I never fully understood it. But I liked to play along.
You’d say I was like ice.
That water was a bland, boring thing you’d drink to survive. But ice was just the opposite. It transformed anything it touched. It made whiskey sweeter. Turned juice into popsicles, and most importantly, took plain, bland water and turned it into salvation from the scorching sun.
Anything you ordered, you’d order with ice – water, lime juice, whiskey. Looking at me with a side smile to see if I noticed. I always did. If we went somewhere that didn’t have ice, you’d look at me, feigning disappointment. “I need my ice” you’d whisper to me.
Our fridge was always stocked with it. You loved to make a big show of picking the cubes up from the ice tray. You’d hold them gently. Pretending you were holding miniature versions of me before dropping them into your glass. “Enjoy your swim” you’d chuckle, watching the cubes plunge themselves into the water before coming up for air.
You’d take a big gulp, swallow and say “Ahh”, as if all was right with the world.
In our small kitchen, under the scorching sun, watching you drinking a cold glass of water always felt like you were paying me a compliment.
I didn’t fully understand it. But I liked to play along.
As the years passed, these antics faded.
You’d order whiskey on the rocks, and I’d scavenge your face for a trace of your side smile. But it never came.
“Do you want ice with that?” I’d sometimes remind you, if you were pouring yourself a glass of water. You’d absentmindedly open the freezer and drop the cubes in it. You’d take a large gulp. And I’d hold my breath for your “ahh”, like an audience waiting for the climax of a magic trick. But it never came.
On most days, you’d simply stop by the kitchen, grab a bottle and gulp the water down with a rash urgency. Ignoring the glass that ached to have your warm palms around it, the ice cubes that craved a swim, and water that wished it wasn’t so boring and bland.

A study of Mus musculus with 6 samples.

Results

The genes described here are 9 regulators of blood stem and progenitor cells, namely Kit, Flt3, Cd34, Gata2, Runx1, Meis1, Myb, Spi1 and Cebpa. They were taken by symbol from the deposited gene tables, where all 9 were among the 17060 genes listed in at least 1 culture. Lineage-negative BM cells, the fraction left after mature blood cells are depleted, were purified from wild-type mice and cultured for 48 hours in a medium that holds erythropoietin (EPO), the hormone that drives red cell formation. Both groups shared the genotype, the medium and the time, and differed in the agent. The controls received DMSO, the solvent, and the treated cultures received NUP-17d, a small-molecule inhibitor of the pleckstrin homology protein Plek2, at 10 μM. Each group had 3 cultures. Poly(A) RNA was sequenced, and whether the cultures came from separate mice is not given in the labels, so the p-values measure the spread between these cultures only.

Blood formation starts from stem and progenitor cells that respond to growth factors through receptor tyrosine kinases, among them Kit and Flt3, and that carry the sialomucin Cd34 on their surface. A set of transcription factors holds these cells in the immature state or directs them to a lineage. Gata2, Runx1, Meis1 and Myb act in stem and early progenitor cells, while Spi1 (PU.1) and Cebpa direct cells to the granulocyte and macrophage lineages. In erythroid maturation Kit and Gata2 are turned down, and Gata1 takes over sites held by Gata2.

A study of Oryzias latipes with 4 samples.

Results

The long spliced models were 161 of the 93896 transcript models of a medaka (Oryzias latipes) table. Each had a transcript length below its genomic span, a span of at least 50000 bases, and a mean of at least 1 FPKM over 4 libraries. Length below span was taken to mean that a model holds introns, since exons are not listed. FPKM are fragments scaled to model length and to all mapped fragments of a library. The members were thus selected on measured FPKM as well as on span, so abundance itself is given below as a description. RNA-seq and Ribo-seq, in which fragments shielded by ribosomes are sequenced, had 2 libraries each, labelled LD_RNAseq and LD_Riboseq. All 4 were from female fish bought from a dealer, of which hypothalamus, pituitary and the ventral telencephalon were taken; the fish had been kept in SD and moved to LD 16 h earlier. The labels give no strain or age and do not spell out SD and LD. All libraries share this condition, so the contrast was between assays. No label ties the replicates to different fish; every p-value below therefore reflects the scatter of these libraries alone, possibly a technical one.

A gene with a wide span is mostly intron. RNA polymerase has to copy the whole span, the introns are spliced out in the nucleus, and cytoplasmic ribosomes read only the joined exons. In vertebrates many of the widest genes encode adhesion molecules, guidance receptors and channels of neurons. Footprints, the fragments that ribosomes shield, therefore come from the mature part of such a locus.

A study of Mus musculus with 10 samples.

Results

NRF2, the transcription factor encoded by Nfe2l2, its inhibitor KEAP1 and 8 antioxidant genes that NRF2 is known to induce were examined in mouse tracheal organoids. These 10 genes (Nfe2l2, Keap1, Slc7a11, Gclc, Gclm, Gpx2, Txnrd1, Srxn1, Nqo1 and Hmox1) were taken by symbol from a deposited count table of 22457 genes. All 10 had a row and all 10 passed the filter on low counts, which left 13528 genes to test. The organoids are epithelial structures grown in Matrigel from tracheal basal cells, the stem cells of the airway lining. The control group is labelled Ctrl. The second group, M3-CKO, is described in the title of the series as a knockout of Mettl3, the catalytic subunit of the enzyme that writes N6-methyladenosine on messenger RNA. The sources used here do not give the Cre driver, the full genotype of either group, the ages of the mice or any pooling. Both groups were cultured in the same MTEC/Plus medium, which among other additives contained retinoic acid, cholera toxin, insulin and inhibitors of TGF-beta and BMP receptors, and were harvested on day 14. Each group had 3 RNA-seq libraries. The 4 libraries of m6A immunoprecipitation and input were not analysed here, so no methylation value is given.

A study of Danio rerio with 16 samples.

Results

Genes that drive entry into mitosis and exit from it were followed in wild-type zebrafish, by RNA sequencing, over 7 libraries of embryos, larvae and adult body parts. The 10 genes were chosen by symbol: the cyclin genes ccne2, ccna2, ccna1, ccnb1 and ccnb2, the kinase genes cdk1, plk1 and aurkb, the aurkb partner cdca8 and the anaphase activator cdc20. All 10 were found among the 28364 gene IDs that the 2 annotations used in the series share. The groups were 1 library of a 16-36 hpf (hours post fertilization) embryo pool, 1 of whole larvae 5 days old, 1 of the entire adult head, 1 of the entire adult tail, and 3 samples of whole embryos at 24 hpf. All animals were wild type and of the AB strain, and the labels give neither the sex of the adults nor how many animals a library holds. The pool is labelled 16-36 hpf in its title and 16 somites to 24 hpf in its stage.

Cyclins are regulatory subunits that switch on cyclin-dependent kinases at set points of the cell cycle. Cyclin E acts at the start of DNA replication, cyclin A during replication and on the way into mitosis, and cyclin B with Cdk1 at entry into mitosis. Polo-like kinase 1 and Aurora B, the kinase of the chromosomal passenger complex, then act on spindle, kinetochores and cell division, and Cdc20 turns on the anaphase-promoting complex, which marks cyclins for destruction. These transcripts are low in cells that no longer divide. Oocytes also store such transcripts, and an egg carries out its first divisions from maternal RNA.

One day I stopped refilling the ice tray. It dawned on me that ice simply didn’t interest you anymore. Perhaps it was inevitable. Ice would always, eventually turn into water. Getting smaller and smaller. Until it turns into the bland, boring thing you only drink to survive.
You can only be bored by the things you take for granted.
So I started to put less water in everything. In my curries, your morning chai, the plants in our balcony. The bottles in the kitchen were always half filled and the ice trays continued to be empty.
You’d drink your chai and say something was missing. But you could never tell what it was.
“It needs more sugar”
“Its too milky”
“Did you try a new brand? I like the old one”
One afternoon, you asked me to make you a cup of tea. I filled a pot with water and put it on the stove to boil. Watching, as little bubbles lined the sides of the steel pot. The bubbles got bigger and busier. I watched the water slowly turn into steam, rising above the pot and disappearing as if it were never there.
After a while, you called out for your tea. But there was no answer.
You wandered into the kitchen, calling my name. But there was no trace of me.
Just a forgotten pot of water on the stove that had turned into steam, and escaped into thin air.